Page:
Yes, these two ideas have a connection, but hang with me for a few moments to see why I think so.
If you watch WGRZ Channel 2 (the local NBC affiliate), you have probably noticed that their news broadcasts have a graphic in the corner of the picture that says, “6 months to Rio.” Yes, the 2016 Summer Olympic Games are soon upon us. As a former gymnast, the Olympics are usually the closest connection that the public has to the sport that I trained and competed-in for about 10 years of my life. Whenever people find out that I was a gymnast, one the first things out of their mouth is something like, “Oh, I am always fascinated with gymnastics during the summer Olympics!” This applies to almost any sport, but specifically with gymnastics, we as spectators watch in awe as athletes execute their craft. For gymnastics, we watch athletes spin around a bar, flip back-and-forth on a floor, hold body positions that make most people drop their jaw in disbelief, and other amazing feats. As we watch their Olympic performance, we are witnesses to the “amazing” and the “spectacular.” Yet, we as spectators, are only seeing the finished product. We only see the tip of the iceberg, as it were. What looks amazing on television has hours upon hours, days upon day, weeks upon weeks, months upon month, and years upon years of training.
When I was in Bible College in Missouri, I taught a few hour-long children’s gymnastics classes per week as a part-time job to help me get through school. I remember a few incidents with some of the boys that I taught. Specifically, I remember lifting these boys upon to the rings. All I wanted them to do was hang and swing back and forth. Often, once they were hold-onto the rings, they would barely be able hang-on, let alone swing back and forth. Theydid not realize how much strength is takes to just hold-on; and how much ab and shoulder muscle strength it takes to swing your body forward and backward.
And, this was the simple stuff. I wasn’t even asking them to hold a hand-stand on the rings or hold their arms straight out to their side to hold a “cross” position. Yet, these positions, and many other moves are what they knew from watching the Olympics. I often felt like these kids and their parents thought they really could just come one hour per week, a few times a year, and “poof” — they would somehow be doing the amazing tricks and stunts that gymnastics on the Olympics were doing.
Were they sorely wrong, if that was their thinking. It takes attempt-after-attempt, day-after-day doing the simplest of moves; and, slowly, but surely adding one little detail onto that skill, where eventually, you finally master a “trick.” And, it takes many “tricks” linked together to create a routine — which results in the “amazing” and “spectacular” that we see in competitions, like the Olympics). But, to do the “amazing” and “spectacular,” it takes the faithfulness to repetitively practice the most simple, basic skills. Repetition and practice. At first glance, those may not be words or concepts that we attach to spirituality — living the life of a disciple of Jesus.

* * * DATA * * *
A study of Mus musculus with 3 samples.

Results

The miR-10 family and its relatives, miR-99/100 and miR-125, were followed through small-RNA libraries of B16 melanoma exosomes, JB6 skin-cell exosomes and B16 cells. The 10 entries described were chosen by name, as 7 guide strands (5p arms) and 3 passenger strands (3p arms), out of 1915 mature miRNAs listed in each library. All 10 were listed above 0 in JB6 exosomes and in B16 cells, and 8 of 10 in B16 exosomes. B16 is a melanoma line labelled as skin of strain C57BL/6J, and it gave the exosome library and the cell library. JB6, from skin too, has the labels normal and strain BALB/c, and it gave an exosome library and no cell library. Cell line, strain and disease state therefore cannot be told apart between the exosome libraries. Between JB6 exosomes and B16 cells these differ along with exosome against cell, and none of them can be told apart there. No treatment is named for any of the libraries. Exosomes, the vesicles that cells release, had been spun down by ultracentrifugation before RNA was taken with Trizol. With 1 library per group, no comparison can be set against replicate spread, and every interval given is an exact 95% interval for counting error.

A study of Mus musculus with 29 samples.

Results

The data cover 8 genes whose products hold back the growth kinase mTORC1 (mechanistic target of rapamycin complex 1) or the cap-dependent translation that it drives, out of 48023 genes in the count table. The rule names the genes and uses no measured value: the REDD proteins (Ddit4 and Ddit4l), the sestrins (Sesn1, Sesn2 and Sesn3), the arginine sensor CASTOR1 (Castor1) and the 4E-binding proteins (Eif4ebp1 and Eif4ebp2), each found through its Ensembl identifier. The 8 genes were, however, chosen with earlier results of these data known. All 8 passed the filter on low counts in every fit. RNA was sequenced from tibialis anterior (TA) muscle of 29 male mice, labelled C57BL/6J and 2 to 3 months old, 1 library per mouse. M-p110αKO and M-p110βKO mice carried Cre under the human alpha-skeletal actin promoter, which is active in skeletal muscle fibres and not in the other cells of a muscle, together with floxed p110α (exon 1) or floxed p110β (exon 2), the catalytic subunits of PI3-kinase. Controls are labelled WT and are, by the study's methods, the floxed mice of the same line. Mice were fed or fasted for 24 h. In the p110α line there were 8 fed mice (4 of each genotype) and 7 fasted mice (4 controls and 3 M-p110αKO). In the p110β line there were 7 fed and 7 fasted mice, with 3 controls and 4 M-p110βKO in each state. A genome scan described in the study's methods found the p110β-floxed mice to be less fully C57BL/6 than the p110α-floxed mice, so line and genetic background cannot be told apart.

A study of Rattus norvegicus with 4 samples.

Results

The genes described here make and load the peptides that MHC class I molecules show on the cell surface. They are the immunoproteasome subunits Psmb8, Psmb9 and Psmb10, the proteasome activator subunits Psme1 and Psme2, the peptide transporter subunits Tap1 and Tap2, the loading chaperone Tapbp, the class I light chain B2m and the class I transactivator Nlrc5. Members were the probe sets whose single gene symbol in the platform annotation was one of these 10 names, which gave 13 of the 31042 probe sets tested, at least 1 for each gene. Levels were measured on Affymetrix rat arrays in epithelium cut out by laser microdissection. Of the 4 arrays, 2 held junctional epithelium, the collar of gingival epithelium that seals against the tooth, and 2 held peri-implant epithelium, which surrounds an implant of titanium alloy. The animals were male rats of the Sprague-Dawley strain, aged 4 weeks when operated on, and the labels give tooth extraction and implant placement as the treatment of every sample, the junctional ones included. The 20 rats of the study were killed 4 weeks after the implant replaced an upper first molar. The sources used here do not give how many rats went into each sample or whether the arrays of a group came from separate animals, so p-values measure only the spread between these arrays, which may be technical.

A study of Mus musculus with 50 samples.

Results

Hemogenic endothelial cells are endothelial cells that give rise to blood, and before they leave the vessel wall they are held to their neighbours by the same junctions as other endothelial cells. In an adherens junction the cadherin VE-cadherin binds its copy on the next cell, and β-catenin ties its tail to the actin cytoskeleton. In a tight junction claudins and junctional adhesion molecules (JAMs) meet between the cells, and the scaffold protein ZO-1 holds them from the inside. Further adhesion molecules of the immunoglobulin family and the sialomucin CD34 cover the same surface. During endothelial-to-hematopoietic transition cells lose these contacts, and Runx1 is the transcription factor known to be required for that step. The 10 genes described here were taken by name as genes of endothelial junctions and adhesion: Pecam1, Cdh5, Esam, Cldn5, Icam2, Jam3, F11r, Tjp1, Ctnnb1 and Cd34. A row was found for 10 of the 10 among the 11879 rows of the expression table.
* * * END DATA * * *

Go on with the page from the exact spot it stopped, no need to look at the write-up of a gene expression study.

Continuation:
This past week, we encountered (or for many of us, re-encountered) God’s instruction (via Moses) to the Israelites that they were to: “These commandments that I give you today are to be on your hearts. Impress them on your children. Talk about them when you sit at home and when you walk along the road, when you lie down and when you get up. Tie them as symbols on your hands and bind them on your foreheads. Write them on the doorframes of your houses and on your gates (Deut. 6:6-9).”
"Impress them upon your children." The Hebrew concept, "impress," here has to do with the idea of "teaching by rote" (repetition, going over material more than once or twice). It also has a linguistic connection to the idea of "sharpening" (honing, refining one’s ability and skills). When you read and contemplate the meaning of Deut. 6:6-9 for your life, I hope that you notice that God did not intend for his commands and teachings to be heard and practiced once. Rather, the concept God is emphasizing is that formation into being the people of God requires repetitive instruction, modeling, and practice — so much so, that is as much an every-day activity as walking down the road or going to sleep or waking up morning-after-morning.
Now, if you are someone who has children who have already moved out of the house, or maybe you don’t have children yet, or you are not even married — this teaching of God is not something you can ignore. As followers of Jesus, all children of the body of Christ are our concern. Jesus teaches that his family is comprised of those who follow after him (Matt. 12:46-50). Jesus also teaches that welcoming little children is the same as welcoming him (Mark 9:37).
As much as our biological parents are given the responsibility to care for and instruct their flesh-and-blood children about the commands of God, so also in light of being in Christ, this responsibility also rests on the rest of the body of Christ in a congregation. So, I leave you this morning to reflect on the following. Are we practicing the commands of God, time-after-time-after time? And, are we instructing and modeling the commands of God to the children in our life (even those that may not even be our flesh-and-blood children?
Hopefully you can look back and see that your faith is where it is today because an adult was faithful to instruct and model the commands of God to you. And, I hope the children of our congregation can look back one day and say the same about us.